The Ellwood Mesa Open Space Plan and the City’s General Plan/Coastal Land Use Plan identify the need for a comprehensive evaluation of the condition of monarch butterfly populations and supporting habitat and detection of trends in butterfly health, number, and behavior in the City. In response, the City prepared the following documents:
- Monarch Butterfly Habitat Management Plan (Draft Butterfly HMP)
- 2018 Implementation Plan
- Ellwood Monarch Butterfly Habitat Assessment (Althouse and Meade, Inc. 2013)
To view comments on the Draft Butterfly HMP and 2018 Implementation Plan, click here.
Questions related to the Monarch Butterfly Inventory and Habitat Management Plan should be addressed to Anne Wells, Advance Planning Manager, at (805) 961-7557 or email@example.com. Comments on the Plan should be submitted to MonarchHMP@CityofGoleta.org.
For more information about visiting the Goleta Butterfly Grove (currently closed), please visit www.GoletaButterflyGrove.com. For more information about habitat management on Ellwood Mesa, please click here.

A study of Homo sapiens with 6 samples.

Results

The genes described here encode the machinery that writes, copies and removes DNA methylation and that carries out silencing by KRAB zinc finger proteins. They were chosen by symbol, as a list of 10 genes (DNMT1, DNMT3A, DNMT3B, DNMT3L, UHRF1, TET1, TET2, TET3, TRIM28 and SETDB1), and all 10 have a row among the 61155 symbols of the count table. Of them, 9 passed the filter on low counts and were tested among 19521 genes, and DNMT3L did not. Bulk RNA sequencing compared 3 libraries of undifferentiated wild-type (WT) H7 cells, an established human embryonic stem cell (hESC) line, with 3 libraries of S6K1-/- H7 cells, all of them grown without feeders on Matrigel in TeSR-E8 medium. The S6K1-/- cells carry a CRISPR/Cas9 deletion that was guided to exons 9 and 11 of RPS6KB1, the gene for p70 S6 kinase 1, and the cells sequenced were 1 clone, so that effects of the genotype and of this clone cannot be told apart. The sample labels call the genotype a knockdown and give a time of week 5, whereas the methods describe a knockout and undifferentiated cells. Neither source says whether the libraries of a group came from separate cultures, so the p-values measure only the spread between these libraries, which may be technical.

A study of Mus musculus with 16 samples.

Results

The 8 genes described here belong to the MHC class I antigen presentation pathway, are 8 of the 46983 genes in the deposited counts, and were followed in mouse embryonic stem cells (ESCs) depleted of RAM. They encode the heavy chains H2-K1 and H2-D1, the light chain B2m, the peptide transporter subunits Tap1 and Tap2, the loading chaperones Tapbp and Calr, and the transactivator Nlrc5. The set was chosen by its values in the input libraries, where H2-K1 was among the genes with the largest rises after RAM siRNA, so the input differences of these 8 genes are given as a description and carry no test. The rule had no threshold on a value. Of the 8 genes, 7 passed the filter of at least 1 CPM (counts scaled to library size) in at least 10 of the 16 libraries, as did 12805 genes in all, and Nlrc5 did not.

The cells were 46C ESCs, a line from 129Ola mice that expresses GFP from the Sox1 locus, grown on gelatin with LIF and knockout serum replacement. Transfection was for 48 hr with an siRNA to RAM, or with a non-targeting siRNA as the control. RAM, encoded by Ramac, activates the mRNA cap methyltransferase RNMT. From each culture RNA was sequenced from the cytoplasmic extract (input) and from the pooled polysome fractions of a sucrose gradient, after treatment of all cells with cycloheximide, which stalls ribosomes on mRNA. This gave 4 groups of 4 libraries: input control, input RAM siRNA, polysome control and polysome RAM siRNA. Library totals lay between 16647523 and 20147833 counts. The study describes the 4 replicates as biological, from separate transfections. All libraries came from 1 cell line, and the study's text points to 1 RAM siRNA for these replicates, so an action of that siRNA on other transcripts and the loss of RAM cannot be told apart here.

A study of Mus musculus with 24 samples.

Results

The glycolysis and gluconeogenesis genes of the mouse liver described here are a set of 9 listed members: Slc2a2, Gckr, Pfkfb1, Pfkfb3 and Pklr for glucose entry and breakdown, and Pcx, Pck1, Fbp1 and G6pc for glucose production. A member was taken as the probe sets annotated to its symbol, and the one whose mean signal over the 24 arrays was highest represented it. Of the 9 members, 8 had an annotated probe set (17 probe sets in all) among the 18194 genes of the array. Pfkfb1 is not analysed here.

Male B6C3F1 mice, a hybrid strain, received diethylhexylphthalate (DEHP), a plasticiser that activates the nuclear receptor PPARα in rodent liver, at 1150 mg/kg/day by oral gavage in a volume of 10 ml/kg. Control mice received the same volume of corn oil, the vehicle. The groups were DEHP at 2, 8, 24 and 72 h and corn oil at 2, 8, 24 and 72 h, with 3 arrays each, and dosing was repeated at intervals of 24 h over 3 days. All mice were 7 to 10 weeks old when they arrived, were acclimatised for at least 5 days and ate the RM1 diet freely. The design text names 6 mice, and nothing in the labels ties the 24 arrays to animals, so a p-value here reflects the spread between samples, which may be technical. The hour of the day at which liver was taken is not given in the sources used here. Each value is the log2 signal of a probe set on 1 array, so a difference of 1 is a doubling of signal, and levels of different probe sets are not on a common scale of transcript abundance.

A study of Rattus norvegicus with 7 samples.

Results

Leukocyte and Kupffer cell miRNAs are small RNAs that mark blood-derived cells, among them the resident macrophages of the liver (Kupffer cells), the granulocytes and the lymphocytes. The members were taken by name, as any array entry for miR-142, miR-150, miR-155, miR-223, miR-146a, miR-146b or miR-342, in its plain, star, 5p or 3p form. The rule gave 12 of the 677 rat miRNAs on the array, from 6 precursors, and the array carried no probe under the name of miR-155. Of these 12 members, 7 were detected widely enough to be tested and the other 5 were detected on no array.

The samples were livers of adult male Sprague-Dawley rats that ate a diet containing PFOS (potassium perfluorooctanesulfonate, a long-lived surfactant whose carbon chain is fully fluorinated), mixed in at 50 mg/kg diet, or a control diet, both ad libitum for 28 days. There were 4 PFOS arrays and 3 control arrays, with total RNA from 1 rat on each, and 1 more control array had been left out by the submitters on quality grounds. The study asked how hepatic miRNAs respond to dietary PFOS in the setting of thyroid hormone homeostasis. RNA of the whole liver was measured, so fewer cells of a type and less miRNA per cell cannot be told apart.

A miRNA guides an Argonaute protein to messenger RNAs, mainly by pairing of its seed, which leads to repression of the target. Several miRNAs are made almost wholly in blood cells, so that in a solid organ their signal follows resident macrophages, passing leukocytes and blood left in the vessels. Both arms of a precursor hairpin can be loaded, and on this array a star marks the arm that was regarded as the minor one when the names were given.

Upcoming Meetings and Workshops
On September 4, 2018, City staff will provide City Council with an update on the Draft Butterfly HMP and 2018 Implementation Plan. Information for the meeting is provided below:
Previous Meetings and Workshops (in 2018)
On August 22, 2017, City staff provided the Public Tree Advisory Commission with an update on the Draft Butterfly HMP and 2018 Implementation Plan. Information for the meeting is provided below:
The City hosted a public workshop on August 16th, 2018 to discuss the Habitat Management Plan and Implementation Plan. Materials from the workshop are provided below:
- Powerpoint Presentation
- Video of the Workshop
- The meeting will also be televised on Goleta Channel 19 through the month of September on Mondays at 11pm, Tuesdays at noon, and Fridays at 1pm and 7pm.
Information from workshops help in 2011-2013 can be found here.
Western Monarch Conservation Plan. The purpose of the Western Monarch Conservation Plan is to identify and promote a shared set of conservation strategies for the entire life cycle of the western monarch population, including the overwintering grounds in California and breeding and migratory habitats throughout the western United States, to achieve the vision of a viable western population of monarch butterflies.